Australian retail, industrial and resource giant Wesfarmers (ASX:WES) has announced a plan to cut between $200m and $400m in capital expenditures. The company said it wanted to trim the fat and reinvest its savings into its top performing businesses. Bunnings and Coles, both owned by Wesfarmers, have received a boost in performance after spending projects revitalised struggling sectors of the companies. The company also said it would spend less on its business that are struggling to deliver positive returns.
Finance director Terry Bowen said Wesfarmers would invest net capex between $1.3bn and $1.5bn this year. Part of the investment will come from $700m in property sales. The total sum of investments is down from the company’s previous projections of $1.5bn to $1.9bn for 2015. Investors have put pressure on the conglomerate to redirect investments from waning industries such as coal and chemicals to stronger industries such as home improvement and its grocery business. Wesfarmers’ struggling industries include Target, chemicals and fertilisers, coal and industrial safety, which have lost the company about $563m over the last two years. But these losses have almost been offset by $504m in gains in its strongest industries, including Coles, Bunnings and Kmart.
During its strategy presentation on Wednesday, Wesfarmers did not specify how exactly it would allocate capex investments. However, it did detail plans to open and refurbish more Coles supermarket stores. Chief Executive Officer Richard Goyder discussed how the company wanted to reinvest its record growth on Wednesday. “We want to grow profits through sales not by building margins behind the businesses," he said. "We have invested $14 billion since 2009 - through that period our return on capital and return on equity has increased.” Shares of WES have fallen 32c, or .73 per cent, at $43.39 per share around 2:50pm on Wednesday. WES has advanced 1.56 per cent in the last 12 months and 3.94 per cent so far this year.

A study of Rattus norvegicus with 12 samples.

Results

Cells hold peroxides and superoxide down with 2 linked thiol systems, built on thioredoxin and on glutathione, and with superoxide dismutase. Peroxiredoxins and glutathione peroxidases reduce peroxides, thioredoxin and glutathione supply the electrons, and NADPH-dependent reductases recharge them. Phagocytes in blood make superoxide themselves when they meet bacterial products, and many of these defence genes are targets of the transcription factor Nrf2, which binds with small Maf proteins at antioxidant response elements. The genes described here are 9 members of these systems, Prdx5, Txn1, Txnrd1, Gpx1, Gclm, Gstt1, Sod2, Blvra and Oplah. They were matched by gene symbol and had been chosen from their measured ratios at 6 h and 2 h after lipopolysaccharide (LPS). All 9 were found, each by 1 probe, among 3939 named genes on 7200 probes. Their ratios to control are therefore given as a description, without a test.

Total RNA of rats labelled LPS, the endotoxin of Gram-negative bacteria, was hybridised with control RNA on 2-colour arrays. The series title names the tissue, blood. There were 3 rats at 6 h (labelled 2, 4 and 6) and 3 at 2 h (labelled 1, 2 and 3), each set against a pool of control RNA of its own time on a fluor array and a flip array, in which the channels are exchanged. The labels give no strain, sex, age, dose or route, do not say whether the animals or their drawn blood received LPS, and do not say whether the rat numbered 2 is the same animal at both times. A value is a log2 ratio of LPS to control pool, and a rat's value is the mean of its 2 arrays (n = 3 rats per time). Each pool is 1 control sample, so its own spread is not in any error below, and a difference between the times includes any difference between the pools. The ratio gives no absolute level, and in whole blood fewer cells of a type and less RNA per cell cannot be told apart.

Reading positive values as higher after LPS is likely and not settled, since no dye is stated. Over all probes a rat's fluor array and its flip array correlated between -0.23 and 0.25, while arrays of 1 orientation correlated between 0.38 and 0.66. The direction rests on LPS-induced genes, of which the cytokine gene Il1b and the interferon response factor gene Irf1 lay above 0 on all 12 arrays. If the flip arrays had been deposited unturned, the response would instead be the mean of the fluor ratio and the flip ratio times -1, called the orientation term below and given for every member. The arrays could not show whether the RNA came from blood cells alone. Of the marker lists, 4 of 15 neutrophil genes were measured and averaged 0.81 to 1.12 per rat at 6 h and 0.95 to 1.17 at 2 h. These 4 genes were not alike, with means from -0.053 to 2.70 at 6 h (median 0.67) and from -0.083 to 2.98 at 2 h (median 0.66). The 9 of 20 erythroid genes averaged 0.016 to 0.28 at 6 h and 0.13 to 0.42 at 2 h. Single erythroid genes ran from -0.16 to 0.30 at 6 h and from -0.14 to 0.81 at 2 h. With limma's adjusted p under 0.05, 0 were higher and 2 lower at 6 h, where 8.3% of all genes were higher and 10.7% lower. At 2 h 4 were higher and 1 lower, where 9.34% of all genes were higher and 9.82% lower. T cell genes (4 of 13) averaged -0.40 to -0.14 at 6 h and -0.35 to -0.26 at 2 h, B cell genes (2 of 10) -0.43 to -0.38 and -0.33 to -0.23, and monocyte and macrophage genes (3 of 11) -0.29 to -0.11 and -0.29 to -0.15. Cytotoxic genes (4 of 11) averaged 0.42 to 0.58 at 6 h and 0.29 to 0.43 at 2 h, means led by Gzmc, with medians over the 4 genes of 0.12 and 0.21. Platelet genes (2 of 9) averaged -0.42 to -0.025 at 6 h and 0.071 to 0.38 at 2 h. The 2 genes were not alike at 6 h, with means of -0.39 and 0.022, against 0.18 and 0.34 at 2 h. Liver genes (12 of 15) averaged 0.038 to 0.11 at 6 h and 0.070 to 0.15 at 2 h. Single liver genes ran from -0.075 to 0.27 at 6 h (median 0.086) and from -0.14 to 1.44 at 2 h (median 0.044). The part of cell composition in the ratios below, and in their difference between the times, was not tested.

Author: Simon Herrmann
May 20, 2015
Simon is a financial analyst at independent research firm Wise-owl specialised in small-mid cap growth opportunities and ethical investment opportunities. Simon's aim is to disrupt the cliché approach to investment decision making as he believes that socially and environmentally responsible behaviour is a necessity to long-term wealth creation. Simon has a deep fundamental understanding of the global financial landscape and has compiled 300+ research reports, valuations and corporate appraisals. Simon is commonly featured in major media outlets and his research is published weekly in The Australian.